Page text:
The world economy and banking industry likely will be thrust into unchartered, possibly stormy waters throughout the months ahead. However, we are confident that disruptions will catalyze retail banks to laser focus on resilience, reach and customer and ecosystem connections.
Based on conversations with banking executives worldwide, as well as insights from the Capgemini Top Trends in Retail Banking 2023, sluggish consumer demand, inventory overstock price cuts and bargain real estate sales will help to moderate inflation. And that scenario may encourage central banks to hit the pause button regarding rates.
Forecasts generally agree that the growth rate for the global economy will slow down in 2023 as financial conditions tighten, the appetite for investment wanes and Europe’s natural gas problems persist. As a result, banks will assume highly strategic positions, including a growth imperative that mandates:
Customer engagement that retains mind share and wallet share
Efficiency and productivity to bolster risk management and reduce bottom-line impact
Sustainability that accelerates the transition to a circular economy (a sustainability framework that tackles global challenges such as climate change, biodiversity loss, waste and pollution)
Against this backdrop, bank customers will seek trusted experts to help them overcome the economic storm. Therefore, the most future-focused banks will step up efforts to build meaningful connections. Those most poised to offer time-of-need advice are financial institutions strengthened by a robust technology infrastructure. Armed with a reliable data pool that includes synthetic and alternative datasets, cloud capabilities, artificial intelligence and machine learning capabilities, these banks can provide customers with personal finance management tools and advice.
In addition, they will educate customers about how to make their income go further. How? Banks can help customers set financial goals and contain spending, while at the same time tracking progress. Initiatives such as online account management tools reinforce customer trust, boost loyalty and provide opportunities to cross-sell- and up-sell relevant services.
In terms of outreach to new customer segments, unbanked communities worldwide remain excluded from the financial ecosystem because they do not have a registered identity. For example, the World Bank reported that 1.4 billion people had no bank affiliation in 2021. These individuals are the most vulnerable during economic and cost of living upheaval. A key barrier to financial inclusion is a lack of proof of identity and non-existent credit history and personal identity documents.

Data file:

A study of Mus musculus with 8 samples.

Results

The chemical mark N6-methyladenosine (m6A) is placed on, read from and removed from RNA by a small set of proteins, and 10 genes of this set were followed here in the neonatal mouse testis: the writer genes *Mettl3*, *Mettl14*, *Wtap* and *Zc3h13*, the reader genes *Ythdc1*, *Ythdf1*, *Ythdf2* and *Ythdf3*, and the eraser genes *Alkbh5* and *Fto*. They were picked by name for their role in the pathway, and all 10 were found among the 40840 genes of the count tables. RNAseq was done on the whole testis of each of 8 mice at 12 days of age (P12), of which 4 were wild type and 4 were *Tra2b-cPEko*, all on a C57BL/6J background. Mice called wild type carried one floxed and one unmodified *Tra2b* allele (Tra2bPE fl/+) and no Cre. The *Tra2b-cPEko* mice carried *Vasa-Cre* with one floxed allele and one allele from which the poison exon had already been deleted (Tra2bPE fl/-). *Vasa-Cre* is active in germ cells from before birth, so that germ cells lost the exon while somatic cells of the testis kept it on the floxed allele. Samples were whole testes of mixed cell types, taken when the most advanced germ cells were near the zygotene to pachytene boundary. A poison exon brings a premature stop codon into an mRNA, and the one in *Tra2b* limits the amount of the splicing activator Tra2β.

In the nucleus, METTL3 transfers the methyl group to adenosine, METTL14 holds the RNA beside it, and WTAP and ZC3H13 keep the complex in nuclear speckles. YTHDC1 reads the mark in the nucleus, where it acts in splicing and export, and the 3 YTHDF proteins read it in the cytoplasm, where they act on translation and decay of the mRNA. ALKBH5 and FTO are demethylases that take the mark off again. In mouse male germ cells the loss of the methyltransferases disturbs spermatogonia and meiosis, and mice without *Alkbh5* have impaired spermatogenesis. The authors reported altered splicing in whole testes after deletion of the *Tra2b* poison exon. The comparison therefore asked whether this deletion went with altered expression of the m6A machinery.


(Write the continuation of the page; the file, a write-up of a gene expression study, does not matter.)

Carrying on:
Throughout the months ahead, banks can collaborate with governments to build personal identity solutions that provide citizens with digital IDs that can be verified and authenticated. The World Economic Forum says financial institutions should spearhead digital identity schemes as they are heavily regulated and already own robust cybersecurity infrastructure to enable scalability.
As retail banks tailor their performance goals to meet customer needs, sustainability will drive customer experience, connectedness and loyalty. Banks can reduce their organizational carbon footprint and support a circular economy by building energy-efficient and eco-friendly offices, digitalizing business processes, embracing green IT initiatives, and pivoting between traditional and green banking products.
Several banks have already launched sustainability-positive products, such as special-rate loans for green vehicles, green mortgage loans, and embedding environmental, social and governance (ESG) standards into risk-scoring models.
Moreover, banks can make purpose-driven fintech acquisitions and nurture partnerships to build green portfolios. Sustainable banking mitigates banks’ ESG risk and reduces non-performing-asset volume to boost profitability.
For some banking ecosystem players, digital maturity remains aspirational, yet avenues exist to employ continuous innovation.
For instance, trendsetters are cautiously exploring the evolutionary benefits of decentralized finance, which will likely pick up steam as institutional DeFi becomes more mainstream with the adoption of blockchain-based financial products tailored to financial services firms’ strict compliance requirements. Despite headlines about less-than-stringent ESG practices and inadequate crypto risk management, institutional investment in DeFi is holding up. Crypto markets and DeFi lending protocols can deliver attractive risk-adjusted returns compared with traditional financial instruments.
We anticipate that 2023 market volatility will allow banks to reboot their strategic thought processes by leveraging their scale, assets, broad customer base and regulatory knowledge. In addition, emerging technologies and the use of advanced data to mine actionable customer insights will open doors to seamless, personalized and superior optichannel experiences.
Nilesh Vaidya is global industry head – retail banking and wealth management at Capgemini.